The world is not discipline specific, so how come school is? Ask a chemist what her daily work looks like and you’ll find economics, writing, health, politics, design, and math are all integral parts of the work her lab does. Chemistry and Conflict is a model of the professional quality work 10th graders can produce when they approach projects just as they would in life outside of traditional school, when they are invited to a learning experience that’s similar to real life.
This video examines how student work illuminates—and is illuminated by—the following standard: CCSS ELA standard WHST.9-10.2.
A Little More Than Just People is a project created by the founding eighth-grade class at Four Rivers Charter School in Greenfield, Massachusetts. In this project, students publicly recognize the contributions made by members in their town. These individuals hold important roles in their area, both in official and volunteer capacities. Pairs of students interviewed “community cultivators” and, through an intensive editing process, created monologues from recorded transcripts. How can a project like A Little More Than Just People help students meet state-mandated content standards through the use of the storytelling medium? How can project-based learning provide opportunities for students to meet high standards and create beautiful, creative, collaborative work?
This video examines how student work illuminates—and is illuminated by—the following standards: CCSS ELA standard W.8.4 and 8.5.
Tenth grade students in San Diego, CA created a professional-quality book explaining key terms and concepts in economics. Students defined economic terms in language that non-economists could understand; described current situations in which those concepts were present in our everyday lives; and created cut-block print illustrations. This film features interviews with the humanities teacher, art teacher, and former students. It raises questions about what understanding and memorable learning actually looks like. Illuminates CCSS ELA standard W.9-10.2.
According to education researcher, Camille Farrington (2013), a strong correlation exists between success in school and students having these four academic mindsets: 1) I belong in this academic community; 2) I can succeed at this; 3) My ability and competence grow with my effort; and 4) This work has value for me.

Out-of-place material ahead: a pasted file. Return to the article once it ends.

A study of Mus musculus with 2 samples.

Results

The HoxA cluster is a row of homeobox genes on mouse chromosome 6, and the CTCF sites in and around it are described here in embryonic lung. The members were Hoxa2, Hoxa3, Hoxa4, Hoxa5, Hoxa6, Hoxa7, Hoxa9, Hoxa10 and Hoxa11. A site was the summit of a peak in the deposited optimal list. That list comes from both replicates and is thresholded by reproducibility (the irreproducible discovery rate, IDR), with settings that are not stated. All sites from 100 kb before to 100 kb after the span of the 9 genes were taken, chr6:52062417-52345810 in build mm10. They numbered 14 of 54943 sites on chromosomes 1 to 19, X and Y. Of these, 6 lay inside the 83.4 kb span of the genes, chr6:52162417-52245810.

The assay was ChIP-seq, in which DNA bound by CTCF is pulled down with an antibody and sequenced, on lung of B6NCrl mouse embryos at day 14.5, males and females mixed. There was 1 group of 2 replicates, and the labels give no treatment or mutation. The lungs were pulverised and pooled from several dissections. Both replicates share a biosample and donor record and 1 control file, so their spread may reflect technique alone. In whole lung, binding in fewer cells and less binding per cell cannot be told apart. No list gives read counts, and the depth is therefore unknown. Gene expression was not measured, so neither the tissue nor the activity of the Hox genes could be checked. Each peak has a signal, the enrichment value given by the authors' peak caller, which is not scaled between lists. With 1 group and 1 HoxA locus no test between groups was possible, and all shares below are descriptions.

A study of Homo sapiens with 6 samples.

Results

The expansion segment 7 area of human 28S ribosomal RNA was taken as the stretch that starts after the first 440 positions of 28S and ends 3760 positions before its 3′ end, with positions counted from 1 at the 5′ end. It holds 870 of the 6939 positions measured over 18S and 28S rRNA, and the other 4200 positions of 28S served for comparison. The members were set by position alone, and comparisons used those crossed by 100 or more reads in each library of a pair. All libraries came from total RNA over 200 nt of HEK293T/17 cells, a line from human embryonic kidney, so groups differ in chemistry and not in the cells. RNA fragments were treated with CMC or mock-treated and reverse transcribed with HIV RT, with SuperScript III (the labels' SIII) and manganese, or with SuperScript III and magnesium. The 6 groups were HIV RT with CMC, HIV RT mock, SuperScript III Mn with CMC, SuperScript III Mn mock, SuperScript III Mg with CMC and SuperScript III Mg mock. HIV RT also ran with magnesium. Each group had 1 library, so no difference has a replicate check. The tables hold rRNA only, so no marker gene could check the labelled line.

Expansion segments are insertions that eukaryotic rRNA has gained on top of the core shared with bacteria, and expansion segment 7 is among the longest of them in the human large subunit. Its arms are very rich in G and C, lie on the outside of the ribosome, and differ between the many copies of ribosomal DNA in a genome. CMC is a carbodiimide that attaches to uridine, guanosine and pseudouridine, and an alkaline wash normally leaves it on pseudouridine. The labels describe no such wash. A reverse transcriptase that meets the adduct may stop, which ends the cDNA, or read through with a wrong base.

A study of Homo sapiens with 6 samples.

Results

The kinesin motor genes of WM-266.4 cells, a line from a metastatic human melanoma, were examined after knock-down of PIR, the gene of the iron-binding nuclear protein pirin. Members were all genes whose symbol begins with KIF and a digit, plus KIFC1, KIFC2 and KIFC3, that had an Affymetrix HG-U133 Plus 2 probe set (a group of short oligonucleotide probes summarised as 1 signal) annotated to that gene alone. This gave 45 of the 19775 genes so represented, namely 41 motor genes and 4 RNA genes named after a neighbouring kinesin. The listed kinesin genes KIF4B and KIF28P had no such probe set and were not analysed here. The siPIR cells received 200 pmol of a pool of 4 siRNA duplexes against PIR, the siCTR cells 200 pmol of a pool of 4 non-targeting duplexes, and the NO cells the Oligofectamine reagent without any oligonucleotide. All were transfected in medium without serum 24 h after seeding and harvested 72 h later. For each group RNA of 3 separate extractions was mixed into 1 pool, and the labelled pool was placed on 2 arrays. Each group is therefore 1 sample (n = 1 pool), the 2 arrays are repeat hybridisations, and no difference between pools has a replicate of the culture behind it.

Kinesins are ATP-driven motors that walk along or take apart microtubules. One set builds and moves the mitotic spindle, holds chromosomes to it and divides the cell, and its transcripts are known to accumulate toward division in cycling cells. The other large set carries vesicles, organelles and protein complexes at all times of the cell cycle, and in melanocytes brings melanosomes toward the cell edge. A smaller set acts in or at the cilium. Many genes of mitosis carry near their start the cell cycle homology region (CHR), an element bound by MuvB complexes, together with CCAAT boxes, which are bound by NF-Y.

Even before we work on Growth Mindset, students must feel that they belong. While the Common Core Standards don’t address social and emotional development, we can engage in meaningful, standards-based projects to build community and help students develop a sense of belonging. Second grade students at the Downtown Denver Expeditionary School created Six-Word Memoir Self-Portraits to share important moments from their lives. This film illuminates ways that students can use personal narrative, in written and artistic forms, to develop a sense of connection that facilitates learning throughout the school year.
This video examines how student work illuminates—and is illuminated by—the following standards: CCSS ELA standard W.2.5 and W 2.8
THE ILLUMINATING STANDARDS PROJECT
In the last two decades of the ‘standards movement’ in American public education, many educators have concluded that ‘teaching to the standards’ and project-based learning are incompatible. Ron Berger (Expeditionary Learning) and Steve Seidel (Harvard Graduate School of Education), co-directors of The Illuminating Standards Project, wondered if this conclusion is true. Indeed, they speculated that long-term, interdisciplinary, arts-infused, community-connected projects may well be one of the best ways to actually see what state standards look like when fully realized in the things students make in school—to make the standards visible.
Three questions frame the work of The Illuminating Standards Project:
What does it look like when state standards are met with integrity, depth, and imagination?
How can we use standards to open up and enrich curriculum, rather than narrow and constrain it?
How can we use student work to raise the level of our understanding of standards and our dialogue about them?
THE VIDEOS AND HOW TO USE THEM
Collaborating with Berger and Seidel on The Illuminating Standards Project, over 30 students at the Harvard Graduate School of Education have explored these questions by choosing projects from the student work in Models of Excellence and considering the ways in which those projects did—and didn’t—meet specific state standards. Further, they examined how the student work illuminated the standards—and vice versa. Many of those students created short films and many of those films are presented here.
We invite you to watch these films, and we encourage you to use them as the catalyst for discussions with your colleagues about the relationship between your commitment to meet demanding state standards and approaches to designing powerful learning experiences for our students.
High School seniors in San Diego, California designed and built curved wooden chairs, researching design and marketing, using CAD programs and shop tools. The project authentically incorporated high-level high school math. This film features an interview with the math teacher and the art teacher, and shows multiple drafting of the work. Illuminates Mathematical Practice Standard 1.